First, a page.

There are some other notations that might be useful occasionally, and are
probably different from most other languages. We'll also look at the special
cases mentioned above. These examples are certainly EuLisp specific, but
similar denotations will probably be defined in most Lisps you encounter.
- denotes the base eight integer value
three-four-five, which is two hundred and twenty-nine in decimal.
- denotes the base sixteen integer value a-one-b,
which is two thousand five hundred and eighty-seven in decimal.
- denotes the base thirty-six integer value z,
which is thirty-five in decimal. Denoting digits in a base higher than 36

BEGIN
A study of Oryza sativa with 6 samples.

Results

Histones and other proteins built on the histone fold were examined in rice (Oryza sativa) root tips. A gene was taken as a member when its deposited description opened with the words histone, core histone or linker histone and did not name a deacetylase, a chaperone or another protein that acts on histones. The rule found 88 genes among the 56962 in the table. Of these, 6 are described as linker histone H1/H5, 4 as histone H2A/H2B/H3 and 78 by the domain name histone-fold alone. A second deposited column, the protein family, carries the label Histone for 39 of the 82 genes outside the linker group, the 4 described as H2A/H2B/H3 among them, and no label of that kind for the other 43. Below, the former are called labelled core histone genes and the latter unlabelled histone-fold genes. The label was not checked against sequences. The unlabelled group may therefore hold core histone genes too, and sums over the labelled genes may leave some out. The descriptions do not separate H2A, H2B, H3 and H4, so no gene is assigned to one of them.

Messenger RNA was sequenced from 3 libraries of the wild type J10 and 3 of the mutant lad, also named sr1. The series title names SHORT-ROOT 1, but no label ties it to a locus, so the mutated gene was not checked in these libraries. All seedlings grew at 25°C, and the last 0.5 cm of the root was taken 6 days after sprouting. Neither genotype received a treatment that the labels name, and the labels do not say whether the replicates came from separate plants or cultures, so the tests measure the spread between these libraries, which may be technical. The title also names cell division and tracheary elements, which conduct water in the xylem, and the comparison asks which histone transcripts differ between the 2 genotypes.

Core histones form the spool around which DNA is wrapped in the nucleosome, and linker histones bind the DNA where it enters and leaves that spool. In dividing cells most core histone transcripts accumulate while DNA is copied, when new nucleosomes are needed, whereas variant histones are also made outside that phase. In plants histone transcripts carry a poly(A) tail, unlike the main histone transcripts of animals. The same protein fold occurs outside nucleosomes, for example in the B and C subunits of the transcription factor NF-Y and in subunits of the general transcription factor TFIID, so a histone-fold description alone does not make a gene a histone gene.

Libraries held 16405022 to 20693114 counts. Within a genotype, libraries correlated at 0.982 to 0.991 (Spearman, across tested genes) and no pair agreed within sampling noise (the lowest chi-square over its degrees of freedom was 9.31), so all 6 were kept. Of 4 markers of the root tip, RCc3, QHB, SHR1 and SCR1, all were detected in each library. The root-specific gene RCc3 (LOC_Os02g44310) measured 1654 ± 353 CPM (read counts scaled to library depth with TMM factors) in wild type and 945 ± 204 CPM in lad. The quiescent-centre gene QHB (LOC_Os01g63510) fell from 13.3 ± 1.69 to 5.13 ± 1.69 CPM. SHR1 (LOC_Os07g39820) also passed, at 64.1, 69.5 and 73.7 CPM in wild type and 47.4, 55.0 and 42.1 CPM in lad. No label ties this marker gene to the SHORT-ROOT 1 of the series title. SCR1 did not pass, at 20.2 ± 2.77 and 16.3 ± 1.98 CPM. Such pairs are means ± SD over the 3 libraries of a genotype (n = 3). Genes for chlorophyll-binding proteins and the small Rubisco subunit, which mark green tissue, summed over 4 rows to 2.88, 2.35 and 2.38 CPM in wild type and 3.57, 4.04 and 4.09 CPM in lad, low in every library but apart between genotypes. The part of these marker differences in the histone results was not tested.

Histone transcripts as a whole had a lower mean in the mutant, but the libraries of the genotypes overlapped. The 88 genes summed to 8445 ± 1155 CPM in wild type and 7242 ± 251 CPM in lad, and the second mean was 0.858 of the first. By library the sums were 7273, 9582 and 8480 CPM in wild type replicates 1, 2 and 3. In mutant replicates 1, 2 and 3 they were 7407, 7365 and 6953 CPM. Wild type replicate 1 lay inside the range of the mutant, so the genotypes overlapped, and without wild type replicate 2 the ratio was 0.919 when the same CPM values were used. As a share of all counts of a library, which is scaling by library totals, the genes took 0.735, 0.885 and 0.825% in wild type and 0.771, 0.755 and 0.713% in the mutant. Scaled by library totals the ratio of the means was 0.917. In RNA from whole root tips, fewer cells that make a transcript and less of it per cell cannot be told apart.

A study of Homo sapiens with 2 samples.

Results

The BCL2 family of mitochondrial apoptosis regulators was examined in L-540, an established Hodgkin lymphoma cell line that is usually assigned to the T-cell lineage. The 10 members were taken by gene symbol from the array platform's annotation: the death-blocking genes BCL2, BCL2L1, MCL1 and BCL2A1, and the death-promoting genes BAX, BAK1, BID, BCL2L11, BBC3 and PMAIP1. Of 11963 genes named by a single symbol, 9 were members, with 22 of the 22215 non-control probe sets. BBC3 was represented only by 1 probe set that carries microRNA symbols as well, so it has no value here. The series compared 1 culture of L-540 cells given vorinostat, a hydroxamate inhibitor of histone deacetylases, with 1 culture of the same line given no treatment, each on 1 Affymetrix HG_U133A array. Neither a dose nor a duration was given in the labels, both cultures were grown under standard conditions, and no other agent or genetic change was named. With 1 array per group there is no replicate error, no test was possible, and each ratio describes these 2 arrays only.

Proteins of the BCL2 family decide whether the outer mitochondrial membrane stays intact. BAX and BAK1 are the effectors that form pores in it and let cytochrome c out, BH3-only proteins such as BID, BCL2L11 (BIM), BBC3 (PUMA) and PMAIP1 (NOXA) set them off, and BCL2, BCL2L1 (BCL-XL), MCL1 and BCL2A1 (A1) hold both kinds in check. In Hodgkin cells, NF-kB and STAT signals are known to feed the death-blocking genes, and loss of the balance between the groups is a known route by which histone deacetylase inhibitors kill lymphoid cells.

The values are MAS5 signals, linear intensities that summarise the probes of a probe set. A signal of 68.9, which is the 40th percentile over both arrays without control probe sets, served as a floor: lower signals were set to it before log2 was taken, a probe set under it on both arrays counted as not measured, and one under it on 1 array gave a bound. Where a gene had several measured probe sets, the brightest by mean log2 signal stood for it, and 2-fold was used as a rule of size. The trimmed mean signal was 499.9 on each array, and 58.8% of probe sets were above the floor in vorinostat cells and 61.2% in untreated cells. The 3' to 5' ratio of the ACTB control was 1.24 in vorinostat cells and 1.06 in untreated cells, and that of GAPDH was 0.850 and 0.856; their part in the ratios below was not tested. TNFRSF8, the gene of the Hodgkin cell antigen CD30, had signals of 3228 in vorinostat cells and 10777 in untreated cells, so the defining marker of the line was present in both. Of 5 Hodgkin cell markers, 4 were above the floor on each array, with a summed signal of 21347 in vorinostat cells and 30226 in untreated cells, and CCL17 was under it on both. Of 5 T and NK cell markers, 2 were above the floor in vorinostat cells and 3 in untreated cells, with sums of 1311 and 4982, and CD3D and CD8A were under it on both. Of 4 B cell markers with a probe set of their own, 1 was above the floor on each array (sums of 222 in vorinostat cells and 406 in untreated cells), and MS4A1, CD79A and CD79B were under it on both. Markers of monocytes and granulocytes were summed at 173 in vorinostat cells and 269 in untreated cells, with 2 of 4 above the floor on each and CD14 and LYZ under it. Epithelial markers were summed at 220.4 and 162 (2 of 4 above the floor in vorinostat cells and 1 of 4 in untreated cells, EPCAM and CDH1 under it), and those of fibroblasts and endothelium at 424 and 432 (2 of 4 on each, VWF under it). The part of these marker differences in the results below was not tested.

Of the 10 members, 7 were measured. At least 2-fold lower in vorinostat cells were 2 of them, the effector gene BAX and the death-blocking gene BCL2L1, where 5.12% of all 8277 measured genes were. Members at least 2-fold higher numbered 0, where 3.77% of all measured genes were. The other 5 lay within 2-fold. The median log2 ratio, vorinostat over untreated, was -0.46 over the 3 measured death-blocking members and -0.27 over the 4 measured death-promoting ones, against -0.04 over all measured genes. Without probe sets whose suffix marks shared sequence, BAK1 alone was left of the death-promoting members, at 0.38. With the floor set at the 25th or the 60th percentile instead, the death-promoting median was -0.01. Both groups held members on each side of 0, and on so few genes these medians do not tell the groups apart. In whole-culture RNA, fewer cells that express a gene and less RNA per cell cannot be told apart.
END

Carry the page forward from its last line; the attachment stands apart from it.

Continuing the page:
- is an example of a special character,
namely the one denoting the newline character. EuLisp defines several
The result of printing anyone of these characters is implementation
defined, but should be predictable from the names.
#\alert will probably make your terminal go
- denotes the character at position zero in
the current character set. The position is specified in hexadecimal.
- is a string containing the three characters
a-newline-b. In fact, any of the above special characters can be included
in a string by the sequence
x is the initial character of the name of the special character,
\t denotes a tab character in a string.
- is a string containing the three
characters a, the character at position zero in the current character set,
and b. Thus any character can be encoded in a string by using its index
position in the implementation-defined character set.